Who’s going to replace Mario Manningham in the Giants’ wide receiver corps? Jerrel Jernigan had his hand up before the question was even asked.
The 2011 draft pick said he is going into his second NFL season as if the job of being the team’s No. 3 receiver is his. He knows there is still a lot of time until that title is officially passed to him, but for now, he’s claiming it … at least in his own mind.
“That’s how I’m going into OTAs and the whole offseason approach, like I’m the number 3 receiver,” he told Newsday. “But we have other guys coming back. We have Domenik Hixon coming back and we also have Ramses Barden there. Coach will do the evaluation in the offseason and during camp and stuff so we’ll see. But I’m approaching it like I’m the third receiver.”
He very well might end up there when the 2012 season starts. The Giants have lost Manningham to free agency – he has agreed to a two-year deal with the 49ers – and need someone to ride alongside Hakeem Nicks and Victor Cruz and catch passes from Eli Manning. Jernigan was the player that both Tom Coughlin and Jerry Reese mentioned at the Combine last month when asked about the potential loss of Manningham.
“We drafted Jernigan in the third round,” Reese said, “so we expect him to make the jump.”
Jernigan’s only question: How high?
“I’m excited for the opportunity,” he said. “Me and Mario were good friends when he was here, he taught me a lot of things, but it’s pretty much a business now and I’m thankful for the opportunity to go out there and show everybody what I can do. I’m thankful that Coach Coughlin and Jerry Reese are giving me an opportunity to step up to the plate and be the next man.”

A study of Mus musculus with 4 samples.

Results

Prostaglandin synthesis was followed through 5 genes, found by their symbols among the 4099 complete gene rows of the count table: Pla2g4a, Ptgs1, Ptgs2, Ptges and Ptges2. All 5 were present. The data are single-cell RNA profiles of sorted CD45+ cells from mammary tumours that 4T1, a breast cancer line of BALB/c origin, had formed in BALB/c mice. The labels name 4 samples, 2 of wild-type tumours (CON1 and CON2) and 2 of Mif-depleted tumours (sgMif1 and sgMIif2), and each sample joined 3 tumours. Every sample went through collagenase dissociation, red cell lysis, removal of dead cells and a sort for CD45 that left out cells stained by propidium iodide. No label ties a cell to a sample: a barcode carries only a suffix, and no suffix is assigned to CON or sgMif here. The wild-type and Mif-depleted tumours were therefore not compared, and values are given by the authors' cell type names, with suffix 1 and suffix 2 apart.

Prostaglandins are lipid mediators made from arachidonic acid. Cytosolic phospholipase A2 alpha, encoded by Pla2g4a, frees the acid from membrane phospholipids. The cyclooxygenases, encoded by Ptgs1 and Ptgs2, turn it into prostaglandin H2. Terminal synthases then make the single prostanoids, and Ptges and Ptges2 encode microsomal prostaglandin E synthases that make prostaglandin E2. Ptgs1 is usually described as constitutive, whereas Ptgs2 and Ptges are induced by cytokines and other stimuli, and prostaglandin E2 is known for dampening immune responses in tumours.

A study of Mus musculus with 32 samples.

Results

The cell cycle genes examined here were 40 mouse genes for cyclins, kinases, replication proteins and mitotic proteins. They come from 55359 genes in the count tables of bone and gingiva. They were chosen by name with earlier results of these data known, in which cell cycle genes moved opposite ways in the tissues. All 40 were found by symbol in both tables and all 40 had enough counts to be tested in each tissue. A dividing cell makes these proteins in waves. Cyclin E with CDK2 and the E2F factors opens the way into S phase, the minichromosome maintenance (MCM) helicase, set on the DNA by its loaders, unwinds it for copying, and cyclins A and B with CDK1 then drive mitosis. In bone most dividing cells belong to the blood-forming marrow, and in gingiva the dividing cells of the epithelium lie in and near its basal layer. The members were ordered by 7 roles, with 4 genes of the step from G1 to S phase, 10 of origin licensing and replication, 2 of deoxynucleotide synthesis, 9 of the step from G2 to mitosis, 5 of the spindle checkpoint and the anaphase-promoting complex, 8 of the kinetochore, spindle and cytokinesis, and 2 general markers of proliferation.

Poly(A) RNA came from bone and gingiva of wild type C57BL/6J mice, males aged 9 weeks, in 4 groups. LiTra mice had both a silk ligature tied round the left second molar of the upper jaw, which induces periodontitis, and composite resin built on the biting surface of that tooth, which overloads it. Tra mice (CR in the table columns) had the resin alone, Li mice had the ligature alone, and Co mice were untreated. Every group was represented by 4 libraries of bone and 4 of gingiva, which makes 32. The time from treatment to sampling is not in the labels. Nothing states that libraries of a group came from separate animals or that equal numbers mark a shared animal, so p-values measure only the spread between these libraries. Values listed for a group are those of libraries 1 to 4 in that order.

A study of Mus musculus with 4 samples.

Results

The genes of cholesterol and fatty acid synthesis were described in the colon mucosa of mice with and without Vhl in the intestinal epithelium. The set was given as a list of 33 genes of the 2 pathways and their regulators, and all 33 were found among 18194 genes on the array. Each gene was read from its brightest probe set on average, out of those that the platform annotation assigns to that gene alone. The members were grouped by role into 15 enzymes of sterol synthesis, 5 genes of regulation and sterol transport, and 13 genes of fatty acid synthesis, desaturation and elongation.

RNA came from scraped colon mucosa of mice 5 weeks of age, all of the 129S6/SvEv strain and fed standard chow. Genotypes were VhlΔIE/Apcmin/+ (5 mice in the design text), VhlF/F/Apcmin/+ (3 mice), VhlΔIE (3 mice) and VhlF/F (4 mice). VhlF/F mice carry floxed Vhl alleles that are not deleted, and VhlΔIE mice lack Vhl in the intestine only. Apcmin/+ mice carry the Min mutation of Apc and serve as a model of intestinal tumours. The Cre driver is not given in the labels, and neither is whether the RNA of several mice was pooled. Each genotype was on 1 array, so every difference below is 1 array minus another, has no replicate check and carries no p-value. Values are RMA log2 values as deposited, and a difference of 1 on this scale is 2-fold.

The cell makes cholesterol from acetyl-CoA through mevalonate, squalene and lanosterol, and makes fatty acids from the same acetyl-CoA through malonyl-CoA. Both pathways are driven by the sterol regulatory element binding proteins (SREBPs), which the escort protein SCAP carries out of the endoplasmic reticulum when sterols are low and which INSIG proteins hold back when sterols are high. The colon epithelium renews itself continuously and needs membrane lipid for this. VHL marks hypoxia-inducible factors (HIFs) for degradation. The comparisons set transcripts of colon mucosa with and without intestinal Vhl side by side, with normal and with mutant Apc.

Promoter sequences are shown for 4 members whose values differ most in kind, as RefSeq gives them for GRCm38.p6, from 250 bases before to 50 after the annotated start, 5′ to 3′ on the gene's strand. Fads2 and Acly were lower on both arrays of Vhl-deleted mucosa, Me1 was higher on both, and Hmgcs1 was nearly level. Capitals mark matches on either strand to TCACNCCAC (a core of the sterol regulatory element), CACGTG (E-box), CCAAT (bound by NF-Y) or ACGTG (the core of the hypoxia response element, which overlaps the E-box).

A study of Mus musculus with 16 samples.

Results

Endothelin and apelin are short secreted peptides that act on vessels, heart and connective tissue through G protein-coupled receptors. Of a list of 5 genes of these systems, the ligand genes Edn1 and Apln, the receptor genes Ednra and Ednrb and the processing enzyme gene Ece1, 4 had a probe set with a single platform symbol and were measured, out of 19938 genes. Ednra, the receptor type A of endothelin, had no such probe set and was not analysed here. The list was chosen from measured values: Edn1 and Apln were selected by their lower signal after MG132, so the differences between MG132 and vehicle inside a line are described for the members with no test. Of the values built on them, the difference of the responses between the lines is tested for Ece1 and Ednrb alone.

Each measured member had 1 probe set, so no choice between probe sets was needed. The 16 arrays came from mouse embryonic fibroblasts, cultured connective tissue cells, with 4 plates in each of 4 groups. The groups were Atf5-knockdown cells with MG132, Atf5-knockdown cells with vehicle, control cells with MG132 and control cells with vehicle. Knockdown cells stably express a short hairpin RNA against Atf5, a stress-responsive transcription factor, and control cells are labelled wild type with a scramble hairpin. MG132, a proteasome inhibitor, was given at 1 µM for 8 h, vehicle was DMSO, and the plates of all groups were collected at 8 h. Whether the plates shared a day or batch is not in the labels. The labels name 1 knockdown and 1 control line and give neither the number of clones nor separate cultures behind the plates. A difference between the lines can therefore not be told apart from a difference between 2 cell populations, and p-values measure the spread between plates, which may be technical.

He was the fourth or fifth receiver for the Giants last year, as well as their primary kickoff return man. Late in the season he jumped over Barden to get a few offensive snaps. He never caught a pass in a game – he had the same number of receptions in his rookie year that Cruz had in his -- but said practicing with Manning was enough to build the foundations of a chemistry.
“We all put in time with him so it’s not like he just keyed in on a couple of guys,” Jernigan said. “We all go with Eli and he throws to all of us. That won’t be a problem.”
Jernigan is working at Troy, his alma mater, on refining his breaks and route running this offseason. He’s also scheduled to meet up with Manning at some point this offseason in North Carolina, he said. But the biggest thing Jernigan gets this year is an offseason with the team. Last year, because of the lockout, he showed up for training camp and was flung into the deep end of a complicated offense.
“It would have helped me to come in and actually learn the playbook,” he said. “Midway through the season I would say I was just getting into the playbook and learning it. This being my first offseason, I think I’ll have an advantage to come in and be the third receiver.”